Her first name was Jeanelyn

Her first name was Jeanelyn. In deference to the bereaved family, I will not share her last name. She was deployed to Kuwait as a domestic worker on July 4, 2019. Based on her official employment contract, the name of her foreign employer was Adel Mejbel Zaid Alsanea. Jeanelyn was 26 years old. She hailed from a small village in Mindanao.

According to a news report published in the Kuwait Times, the police received information from the Sabah Hospital about the arrival of a deceased Filipino maid with bruises on various parts of her body. The maid’s sponsor admitted during interrogation that his wife had beaten Jeanelyn until the worker fainted. The wife also admitted the beatings to the police, but pleaded innocence to any intention to kill her maid.

Here in Manila, the Department of Foreign Affairs (DFA) has summoned the Kuwaiti ambassador to express the Philippine government’s outrage over this latest act of violence against our domestic workers. The department called for complete transparency in the investigation of the case and swift prosecution of the perpetrators.

“The continuing incidents of violence and abuse of Filipino domestic workers in Kuwait violates the spirit of the agreement signed in May 2018, that seeks to promote and protect their welfare,” the DFA statement read.

In a text message to this writer, Labor Secretary Silvestre Bello III said that DOLE is closely monitoring the case, and will make sure that justice will be served. As I sit down to write this column, Administrator Hans Cacdac of the Overseas Workers Welfare Administration is in South Cotabato to offer assistance to the grieving family.

“Justice” is a single word that covers an entire language of emotions. From shock and rage on the part of the family, to accountability on the part of the perpetrators, yet the only missing emotion belongs to the person who died, because she is in a place beyond pain, suffering and indignity. Jeanelyn only wanted to work. Because of scarce job options, she had to leave her village and country to find work. One can say that her departure already reeked of social and economic injustice.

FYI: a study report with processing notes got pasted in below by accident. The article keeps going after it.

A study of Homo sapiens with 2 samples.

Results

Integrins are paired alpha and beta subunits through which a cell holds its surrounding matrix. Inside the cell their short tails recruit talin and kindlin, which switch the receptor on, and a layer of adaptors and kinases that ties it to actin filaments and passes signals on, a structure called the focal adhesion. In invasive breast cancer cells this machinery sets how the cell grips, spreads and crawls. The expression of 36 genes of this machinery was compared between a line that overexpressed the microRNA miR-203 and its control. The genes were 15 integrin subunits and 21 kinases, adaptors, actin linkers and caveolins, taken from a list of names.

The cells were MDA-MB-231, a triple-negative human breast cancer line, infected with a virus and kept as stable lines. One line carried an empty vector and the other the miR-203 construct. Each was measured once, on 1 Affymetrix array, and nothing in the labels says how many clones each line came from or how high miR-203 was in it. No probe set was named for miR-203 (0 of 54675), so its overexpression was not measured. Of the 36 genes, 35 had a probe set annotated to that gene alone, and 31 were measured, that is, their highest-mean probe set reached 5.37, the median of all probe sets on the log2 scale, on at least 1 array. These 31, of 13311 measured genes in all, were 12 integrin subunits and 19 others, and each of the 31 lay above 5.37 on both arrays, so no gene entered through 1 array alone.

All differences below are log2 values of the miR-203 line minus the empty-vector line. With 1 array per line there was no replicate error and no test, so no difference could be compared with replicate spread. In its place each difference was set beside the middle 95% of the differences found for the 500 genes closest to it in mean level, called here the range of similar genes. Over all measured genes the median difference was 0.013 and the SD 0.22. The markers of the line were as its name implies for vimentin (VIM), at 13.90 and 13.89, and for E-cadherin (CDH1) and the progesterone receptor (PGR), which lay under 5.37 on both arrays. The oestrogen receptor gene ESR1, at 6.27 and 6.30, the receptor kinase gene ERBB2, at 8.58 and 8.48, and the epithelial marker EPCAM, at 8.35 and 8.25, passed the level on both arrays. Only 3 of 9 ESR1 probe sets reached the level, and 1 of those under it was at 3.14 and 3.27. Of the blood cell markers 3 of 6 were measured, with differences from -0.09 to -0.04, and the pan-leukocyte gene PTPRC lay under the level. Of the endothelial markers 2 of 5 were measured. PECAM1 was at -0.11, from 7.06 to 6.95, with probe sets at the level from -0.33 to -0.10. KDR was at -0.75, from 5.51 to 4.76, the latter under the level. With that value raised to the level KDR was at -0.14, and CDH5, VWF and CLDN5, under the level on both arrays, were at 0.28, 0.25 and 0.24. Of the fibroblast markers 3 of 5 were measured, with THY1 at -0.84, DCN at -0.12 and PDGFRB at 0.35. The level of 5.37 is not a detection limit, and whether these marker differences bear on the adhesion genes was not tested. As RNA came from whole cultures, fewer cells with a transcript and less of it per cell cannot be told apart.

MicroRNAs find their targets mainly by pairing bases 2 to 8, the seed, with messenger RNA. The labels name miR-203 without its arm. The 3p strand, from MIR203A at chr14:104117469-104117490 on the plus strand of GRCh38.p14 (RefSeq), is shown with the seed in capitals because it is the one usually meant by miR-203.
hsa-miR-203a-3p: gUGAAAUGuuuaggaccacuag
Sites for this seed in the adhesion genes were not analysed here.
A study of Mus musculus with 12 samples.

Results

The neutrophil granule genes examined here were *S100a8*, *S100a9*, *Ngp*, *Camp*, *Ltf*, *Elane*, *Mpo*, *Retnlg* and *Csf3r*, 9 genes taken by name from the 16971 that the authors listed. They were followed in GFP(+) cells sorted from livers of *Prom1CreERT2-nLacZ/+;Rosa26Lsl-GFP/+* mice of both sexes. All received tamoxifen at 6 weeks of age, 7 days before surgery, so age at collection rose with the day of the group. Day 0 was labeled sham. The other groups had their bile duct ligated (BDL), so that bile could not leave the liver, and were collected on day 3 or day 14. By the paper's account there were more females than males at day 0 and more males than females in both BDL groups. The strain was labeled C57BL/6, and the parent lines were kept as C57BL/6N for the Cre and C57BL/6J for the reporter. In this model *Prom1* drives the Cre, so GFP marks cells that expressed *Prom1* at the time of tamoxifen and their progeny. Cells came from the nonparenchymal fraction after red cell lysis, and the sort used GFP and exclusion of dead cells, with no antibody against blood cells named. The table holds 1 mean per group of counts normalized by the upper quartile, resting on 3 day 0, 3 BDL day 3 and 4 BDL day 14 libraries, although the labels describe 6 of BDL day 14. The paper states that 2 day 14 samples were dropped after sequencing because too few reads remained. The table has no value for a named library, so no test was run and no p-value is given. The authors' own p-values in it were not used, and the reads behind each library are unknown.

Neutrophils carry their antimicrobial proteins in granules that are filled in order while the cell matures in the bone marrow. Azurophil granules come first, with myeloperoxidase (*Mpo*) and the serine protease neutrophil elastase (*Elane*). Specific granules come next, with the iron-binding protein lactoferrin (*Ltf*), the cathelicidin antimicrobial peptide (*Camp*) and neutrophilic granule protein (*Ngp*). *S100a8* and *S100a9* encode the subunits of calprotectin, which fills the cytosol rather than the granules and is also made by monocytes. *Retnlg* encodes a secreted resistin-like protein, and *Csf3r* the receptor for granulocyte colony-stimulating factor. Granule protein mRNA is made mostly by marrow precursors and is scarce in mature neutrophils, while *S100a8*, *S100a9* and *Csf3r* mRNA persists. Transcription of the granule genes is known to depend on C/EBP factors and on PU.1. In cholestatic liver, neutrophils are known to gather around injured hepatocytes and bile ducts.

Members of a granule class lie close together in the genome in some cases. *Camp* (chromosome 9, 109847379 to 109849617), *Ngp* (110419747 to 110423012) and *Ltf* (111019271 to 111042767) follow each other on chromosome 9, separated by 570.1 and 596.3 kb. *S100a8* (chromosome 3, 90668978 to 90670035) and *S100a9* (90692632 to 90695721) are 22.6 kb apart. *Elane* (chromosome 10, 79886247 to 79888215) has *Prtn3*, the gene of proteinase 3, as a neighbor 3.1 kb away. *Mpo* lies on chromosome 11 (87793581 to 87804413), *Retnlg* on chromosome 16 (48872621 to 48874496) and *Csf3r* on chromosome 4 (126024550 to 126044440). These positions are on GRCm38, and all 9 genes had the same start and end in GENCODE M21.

And they will keep leaving—these women, these heroes. They see their children passing the days without sufficient food, barely any clothing and no hope in their eyes, and they leave. These women, these heroes. They look at the window and listen to the wind, and ask themselves: “Where is my future?” They get a passport and undergo all kinds of orientations, and as they fasten their seatbelt, they say a prayer of thanks. They see a future in the passport.

Why would a young, single woman like her opt to leave to work in Kuwait? I do wished she was my sister, then she wouldn’t have to leave because there would be more doors open to her. I wished she were my daughter. Jeanelyn died at a much younger age than my only daughter. If she were my daughter, then she would have grown up with so many other options than leaving.

But in her village, Jeanelyn grew up with her own dreams amid family that loved her. She was somebody else’s sister. She was somebody else’s daughter. She was loved and appreciated. That she had to end up with a Kuwaiti woman who saw Jeanelyn as her own slave, beating her up repeatedly, to the extent of making her victim lose consciousness—is vile. That her husband is an alleged employee of the Ministry of Interior (based on news reports) made this crime even worse. Yes, he brought her to the hospital, but where was he when the beatings began?

This is the New Year. Jeanelyn was killed before the calendar changed. She is spending the first day of 2020 in a morgue. Where she came from there may have been hunger, but that kind of hunger can be assuaged; the emotional and physical hunger that comes from no longer hearing Jeanelyn’s laughter or feeling her touch will never ever disappear. Fullness cannot happen in a void.

We all need to know even just her first name. Jeanelyn, this is for you. None of us may have been there when you boarded that flight, eager yet frightened, expecting to do great things as an overseas Filipino workers for the family you painfully left behind. You were all alone then. You are all alone now. But, we won’t let your family be alone in this battle for justice and retribution.

You are a woman and a hero. Present tense, always—because the beaten-up you was your female employer’s demonic version of what you were: a slave. The couple that you served deserves to rot in jail. No mercy, no honor and no freedom. They never knew you. You were not their daughter, sister or friend.

Slavery exists whenever employers believe their lives matter more than the people who work for them. And slavery will continue to exist when governments fail to address the injustice that made such circumstances possible. Jeanelyn, you were more than their equal. But it’s too late to even say that now.


Susan V. Ople heads the Blas F. Ople Policy Center and Training Institute, a nonprofit organization that deals with labor and migration issues. She also represents the OFW sector in the Inter-Agency Council Against Trafficking.